The Harvard Business Review just published a report about Diversity Training in the business sector and why it doesn't work.
"It shouldn’t be surprising that most diversity programs aren’t increasing diversity. Despite a few new bells and whistles, courtesy of big data, companies are basically doubling down on the same approaches they’ve used since the 1960s—which often make things worse, not better. Firms have long relied on diversity training to reduce bias on the job, hiring tests and performance ratings to limit it in recruitment and promotions, and grievance systems to give employees a way to challenge managers."
Do people who undergo diversity training usually shed their biases?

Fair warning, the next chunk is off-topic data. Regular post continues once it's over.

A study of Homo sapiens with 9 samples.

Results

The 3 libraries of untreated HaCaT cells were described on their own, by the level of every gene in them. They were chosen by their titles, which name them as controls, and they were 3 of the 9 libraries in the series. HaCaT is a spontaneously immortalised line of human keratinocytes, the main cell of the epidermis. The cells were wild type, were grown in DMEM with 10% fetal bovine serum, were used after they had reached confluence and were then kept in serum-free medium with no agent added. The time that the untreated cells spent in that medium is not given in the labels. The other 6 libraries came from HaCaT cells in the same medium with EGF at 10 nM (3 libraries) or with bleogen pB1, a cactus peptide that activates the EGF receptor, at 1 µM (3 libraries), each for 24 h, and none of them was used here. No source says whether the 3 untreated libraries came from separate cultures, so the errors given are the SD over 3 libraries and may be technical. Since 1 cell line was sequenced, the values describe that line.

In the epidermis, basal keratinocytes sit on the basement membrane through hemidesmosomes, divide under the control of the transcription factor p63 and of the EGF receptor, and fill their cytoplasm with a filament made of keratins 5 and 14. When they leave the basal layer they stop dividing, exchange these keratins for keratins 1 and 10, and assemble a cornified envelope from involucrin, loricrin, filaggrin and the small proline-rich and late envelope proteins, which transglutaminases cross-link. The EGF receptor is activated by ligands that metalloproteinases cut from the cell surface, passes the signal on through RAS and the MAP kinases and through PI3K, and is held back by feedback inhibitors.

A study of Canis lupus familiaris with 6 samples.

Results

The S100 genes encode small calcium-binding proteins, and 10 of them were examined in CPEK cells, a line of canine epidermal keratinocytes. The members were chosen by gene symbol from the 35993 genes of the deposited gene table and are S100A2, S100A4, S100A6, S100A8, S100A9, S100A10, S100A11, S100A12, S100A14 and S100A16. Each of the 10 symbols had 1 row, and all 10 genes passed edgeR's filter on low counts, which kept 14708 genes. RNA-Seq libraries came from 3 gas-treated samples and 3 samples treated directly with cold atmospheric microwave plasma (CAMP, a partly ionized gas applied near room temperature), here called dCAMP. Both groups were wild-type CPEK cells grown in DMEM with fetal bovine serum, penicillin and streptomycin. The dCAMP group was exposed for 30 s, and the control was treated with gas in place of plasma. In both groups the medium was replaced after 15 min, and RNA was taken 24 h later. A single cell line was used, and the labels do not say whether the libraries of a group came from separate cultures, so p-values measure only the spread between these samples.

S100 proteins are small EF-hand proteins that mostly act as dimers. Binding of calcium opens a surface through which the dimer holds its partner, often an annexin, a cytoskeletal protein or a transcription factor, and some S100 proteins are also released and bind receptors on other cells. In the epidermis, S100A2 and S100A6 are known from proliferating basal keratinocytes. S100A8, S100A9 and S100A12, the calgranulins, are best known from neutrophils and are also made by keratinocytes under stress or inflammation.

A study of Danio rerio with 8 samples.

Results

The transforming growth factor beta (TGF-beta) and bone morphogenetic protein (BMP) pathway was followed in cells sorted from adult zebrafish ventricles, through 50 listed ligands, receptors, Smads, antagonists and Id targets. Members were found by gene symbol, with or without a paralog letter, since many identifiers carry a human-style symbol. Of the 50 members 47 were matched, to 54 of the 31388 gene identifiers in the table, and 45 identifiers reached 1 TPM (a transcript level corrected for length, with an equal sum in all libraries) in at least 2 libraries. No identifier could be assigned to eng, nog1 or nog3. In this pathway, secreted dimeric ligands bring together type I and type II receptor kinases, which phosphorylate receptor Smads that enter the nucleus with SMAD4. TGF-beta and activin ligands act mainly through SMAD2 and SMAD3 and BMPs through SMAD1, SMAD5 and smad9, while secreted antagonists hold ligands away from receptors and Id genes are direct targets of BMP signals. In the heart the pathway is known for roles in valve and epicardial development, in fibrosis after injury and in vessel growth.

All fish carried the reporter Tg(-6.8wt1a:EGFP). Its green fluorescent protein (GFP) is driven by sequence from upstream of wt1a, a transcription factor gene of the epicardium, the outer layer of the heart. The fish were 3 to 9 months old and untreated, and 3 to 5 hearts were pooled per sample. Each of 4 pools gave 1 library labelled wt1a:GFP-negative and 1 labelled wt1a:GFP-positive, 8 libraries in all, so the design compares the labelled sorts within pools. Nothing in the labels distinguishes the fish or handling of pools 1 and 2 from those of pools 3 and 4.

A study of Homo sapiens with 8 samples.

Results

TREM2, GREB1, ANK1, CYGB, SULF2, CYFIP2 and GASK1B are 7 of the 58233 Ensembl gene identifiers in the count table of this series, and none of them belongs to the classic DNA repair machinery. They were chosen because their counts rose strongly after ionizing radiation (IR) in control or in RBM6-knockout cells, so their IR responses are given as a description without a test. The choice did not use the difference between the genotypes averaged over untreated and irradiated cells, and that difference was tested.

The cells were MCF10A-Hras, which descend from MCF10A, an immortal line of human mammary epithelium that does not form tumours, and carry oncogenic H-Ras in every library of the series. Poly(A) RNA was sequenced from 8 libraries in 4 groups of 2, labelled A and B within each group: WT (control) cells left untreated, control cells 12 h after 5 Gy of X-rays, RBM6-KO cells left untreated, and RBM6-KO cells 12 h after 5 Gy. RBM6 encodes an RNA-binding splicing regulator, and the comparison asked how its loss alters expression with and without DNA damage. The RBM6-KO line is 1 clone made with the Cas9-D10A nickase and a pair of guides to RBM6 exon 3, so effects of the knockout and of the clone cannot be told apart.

"Researchers have been examining that question since before World War II, in nearly a thousand studies. It turns out that while people are easily taught to respond correctly to a questionnaire about bias, they soon forget the right answers. The positive effects of diversity training rarely last beyond a day or two, and a number of studies suggest that it can activate bias or spark a backlash. Nonetheless, nearly half of midsize companies use it, as do nearly all the Fortune 500."
They conclude by suggesting that your organization will become less diverse, not more, if you require managers to go to diversity training, try to regulate their hiring and promotion decisions, and put in a legalistic grievance system.
The Community Diversity group offers training for business, particularly in customer service sectors, that aim to focus more on cultural awareness and bias in a positive light. For more information on how CDG's training services contact firstname.lastname@example.org.